2018 | DIR. ELI ROTH | REVIEW BY GLENN COCHRANE.
Who would have thought that a family-friendly, PG-rated spooky movie would be the rejuvenation needed to put Roth back in the game? Not me. But low and behold, here we are! THE HOUSE WITH A CLOCK IN THE WALLS is a Goosebumps-esque fantasy adventure, which infuses the magic of Harry Potter with the frights of Monster House. It is the last thing you would expect from the renegade of gore, but it is precisely what the doctor ordered.
Jack Black and Cate Blanchett star as two unlikely friends - Jonathan and Mrs Zimmerman - whose occupancy of a mysterious haunted house conceals a very dark and sinister secret. A clock ticks within its walls 24-hours a day, and its precise location is unknown. Why and who put it there are questions for audiences to find out for themselves, but needless to say the film beholds plenty of juicy revelations and an abundance of fun. Young Owen Vaccaro (Daddy's Home) plays Lewis, Jonathan's orphaned nephew. Grief stricken and socially awkward, he struggles to fit in, but when his uncle reveals himself to be a warlock, his life is turned upside down as he races against time to battle ghouls and monsters.
Black and Blanchett are wonderful and make for an unexpectedly sincere onscreen dynamic. Black assumes his trademark cocky charisma with an added dash of earnestness, and while his role is not far removed from his recent turn in Goosebumps, he fits the part nicely. Blanchett relishes the opportunity to play a seemingly prudish librarian-type, and she embraces the genre with gusto. The supporting cast includes Roth-regular (and wife) Lorenza Izzo, Renee Elise Goldsberry, Colleen Camp and a fantastically maniacal Kyle MacLachlan. It is a strong ensemble of generations, of whom all have a firm grasp on the film's sense of nostalgia.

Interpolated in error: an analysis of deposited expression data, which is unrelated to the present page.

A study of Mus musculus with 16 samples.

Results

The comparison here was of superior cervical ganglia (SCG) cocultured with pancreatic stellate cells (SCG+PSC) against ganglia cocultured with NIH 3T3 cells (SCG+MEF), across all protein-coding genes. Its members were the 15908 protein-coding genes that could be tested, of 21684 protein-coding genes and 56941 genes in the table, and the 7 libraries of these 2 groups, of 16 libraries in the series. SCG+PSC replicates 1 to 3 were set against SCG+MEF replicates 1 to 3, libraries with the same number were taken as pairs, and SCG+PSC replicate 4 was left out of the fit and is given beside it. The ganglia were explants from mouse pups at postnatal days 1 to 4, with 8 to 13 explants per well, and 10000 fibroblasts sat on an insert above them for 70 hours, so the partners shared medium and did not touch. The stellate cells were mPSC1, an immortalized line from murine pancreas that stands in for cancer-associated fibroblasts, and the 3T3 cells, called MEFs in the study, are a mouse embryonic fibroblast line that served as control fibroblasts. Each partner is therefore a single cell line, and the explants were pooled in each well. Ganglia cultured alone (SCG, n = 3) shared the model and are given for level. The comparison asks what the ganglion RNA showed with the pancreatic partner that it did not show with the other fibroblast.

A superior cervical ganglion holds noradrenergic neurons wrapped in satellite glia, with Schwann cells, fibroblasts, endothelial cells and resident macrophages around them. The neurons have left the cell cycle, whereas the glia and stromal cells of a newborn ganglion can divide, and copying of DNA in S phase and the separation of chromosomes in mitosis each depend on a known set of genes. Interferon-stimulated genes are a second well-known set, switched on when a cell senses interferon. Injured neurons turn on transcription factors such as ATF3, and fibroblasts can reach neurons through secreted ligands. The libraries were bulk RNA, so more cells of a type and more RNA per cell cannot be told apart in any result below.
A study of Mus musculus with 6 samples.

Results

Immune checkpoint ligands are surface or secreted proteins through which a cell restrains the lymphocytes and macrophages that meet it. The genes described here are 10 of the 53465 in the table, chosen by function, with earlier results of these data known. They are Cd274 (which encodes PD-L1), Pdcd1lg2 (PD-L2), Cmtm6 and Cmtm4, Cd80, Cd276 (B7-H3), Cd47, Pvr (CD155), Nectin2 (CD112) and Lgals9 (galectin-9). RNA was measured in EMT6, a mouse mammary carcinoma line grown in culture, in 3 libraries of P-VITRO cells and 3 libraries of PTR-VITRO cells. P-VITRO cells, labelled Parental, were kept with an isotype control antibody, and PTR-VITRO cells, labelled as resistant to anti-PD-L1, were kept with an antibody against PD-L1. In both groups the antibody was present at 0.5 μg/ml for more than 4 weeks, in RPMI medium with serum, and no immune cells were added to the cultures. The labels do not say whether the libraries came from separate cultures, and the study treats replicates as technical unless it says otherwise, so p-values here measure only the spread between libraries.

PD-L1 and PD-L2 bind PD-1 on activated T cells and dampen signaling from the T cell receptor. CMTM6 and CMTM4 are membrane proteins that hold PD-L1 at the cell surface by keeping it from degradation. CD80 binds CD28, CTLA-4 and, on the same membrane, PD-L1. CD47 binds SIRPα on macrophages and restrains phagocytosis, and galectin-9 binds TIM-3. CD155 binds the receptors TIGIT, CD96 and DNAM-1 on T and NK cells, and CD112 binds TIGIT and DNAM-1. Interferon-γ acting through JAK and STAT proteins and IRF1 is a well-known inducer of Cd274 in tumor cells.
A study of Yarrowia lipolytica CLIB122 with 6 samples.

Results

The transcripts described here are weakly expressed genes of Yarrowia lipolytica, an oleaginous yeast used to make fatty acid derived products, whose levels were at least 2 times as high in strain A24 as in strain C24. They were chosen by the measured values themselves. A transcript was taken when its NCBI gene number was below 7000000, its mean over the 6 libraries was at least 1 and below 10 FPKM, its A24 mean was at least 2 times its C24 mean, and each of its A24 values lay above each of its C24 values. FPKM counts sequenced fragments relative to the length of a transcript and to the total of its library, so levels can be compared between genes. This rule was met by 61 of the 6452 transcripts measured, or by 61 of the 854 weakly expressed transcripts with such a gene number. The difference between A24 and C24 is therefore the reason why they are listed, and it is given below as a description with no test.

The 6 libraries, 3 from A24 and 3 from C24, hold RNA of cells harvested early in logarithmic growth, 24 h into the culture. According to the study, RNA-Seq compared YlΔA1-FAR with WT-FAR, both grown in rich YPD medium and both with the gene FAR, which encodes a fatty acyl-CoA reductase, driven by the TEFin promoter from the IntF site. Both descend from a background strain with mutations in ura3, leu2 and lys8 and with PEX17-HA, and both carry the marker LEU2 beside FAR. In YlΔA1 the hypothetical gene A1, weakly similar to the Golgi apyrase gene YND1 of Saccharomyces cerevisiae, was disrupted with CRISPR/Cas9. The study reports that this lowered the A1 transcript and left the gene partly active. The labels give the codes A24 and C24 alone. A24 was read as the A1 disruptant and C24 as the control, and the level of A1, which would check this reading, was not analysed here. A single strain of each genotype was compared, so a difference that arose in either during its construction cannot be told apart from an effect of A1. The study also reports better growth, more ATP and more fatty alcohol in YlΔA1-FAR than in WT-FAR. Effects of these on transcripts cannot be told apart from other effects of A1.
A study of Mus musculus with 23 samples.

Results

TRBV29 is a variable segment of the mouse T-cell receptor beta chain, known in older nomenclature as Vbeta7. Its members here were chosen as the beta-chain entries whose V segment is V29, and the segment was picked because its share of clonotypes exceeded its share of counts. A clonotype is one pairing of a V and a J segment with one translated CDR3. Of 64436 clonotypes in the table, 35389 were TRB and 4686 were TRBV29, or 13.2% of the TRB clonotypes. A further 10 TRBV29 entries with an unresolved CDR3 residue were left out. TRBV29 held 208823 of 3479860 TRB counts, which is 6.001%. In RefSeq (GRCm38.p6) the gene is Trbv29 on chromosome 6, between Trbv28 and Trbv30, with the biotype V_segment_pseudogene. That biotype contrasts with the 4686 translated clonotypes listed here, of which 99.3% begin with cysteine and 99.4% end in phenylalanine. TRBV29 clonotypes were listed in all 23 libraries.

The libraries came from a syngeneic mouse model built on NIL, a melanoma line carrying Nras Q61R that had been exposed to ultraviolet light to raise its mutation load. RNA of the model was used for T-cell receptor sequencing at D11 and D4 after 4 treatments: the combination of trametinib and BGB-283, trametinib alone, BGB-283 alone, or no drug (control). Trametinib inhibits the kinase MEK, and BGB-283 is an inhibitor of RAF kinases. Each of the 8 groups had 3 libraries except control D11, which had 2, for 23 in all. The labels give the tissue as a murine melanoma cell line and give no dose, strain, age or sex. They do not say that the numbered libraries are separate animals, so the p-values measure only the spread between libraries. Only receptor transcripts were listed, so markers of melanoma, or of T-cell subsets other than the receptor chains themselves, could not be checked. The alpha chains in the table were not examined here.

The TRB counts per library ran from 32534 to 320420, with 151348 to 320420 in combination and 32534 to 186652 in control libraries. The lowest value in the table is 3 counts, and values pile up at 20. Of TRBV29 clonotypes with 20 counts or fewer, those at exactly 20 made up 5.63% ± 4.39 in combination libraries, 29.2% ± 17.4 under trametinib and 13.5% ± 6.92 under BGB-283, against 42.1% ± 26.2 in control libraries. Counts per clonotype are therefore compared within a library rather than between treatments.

The film's use of single a location soundstage setting adds the right amount of texture to conjure fond memories of the cinema of old. Roth has created a classic aesthetic with an almost steam-punk texture, and has produced a deliciously quirky story. My mind was cast back to films like Watcher In The Woods and Lemony Snickets A Series of Unfortunate Events, and were it not for Roth's director credit at the opening, we would be forgiven for assuming someone like Jean-Pierre Jeunet or Guillermo del Doro might have made it.
I have spent years debating the importance of contextually exposing children to horror, and amongst various reviews, articles and podcasts I have maintained that gradual exposure to fantasy/horror is fundamental in childhood development. So many parents wrap their kids in cotton wool with an irrational fear of moral corruption, and yet they fail to comprehend how significantly their own childhoods were touched by horror. From the grisly tales of the Brothers Grimm, to the deranged musing of Roald Dahl, as well as the hideous witches from Disney's cartoons and the macabre subtext of so many nursery rhymes. Horror is wonderfully diverse and mostly misunderstood and while a film like THE HOUSE WITH A CLOCK IN ITS WALLS ought to be celebrated for treating kids respectfully, its overall tone may prove to be its undoing with parent's knee-jerking to protective mode.
It is a shame that a wonderful film such as this is at risk of missing its mark, and we can only hope that time will serve it well. For parents who value genre storytelling for their children, and who lapped up movies like Goosebumps, Monster House, City of Ember and Paranorman, then Eli Roth's latest offering will surely be a tasty treat.... and just in time for Halloween! It's quite wonderful indeed.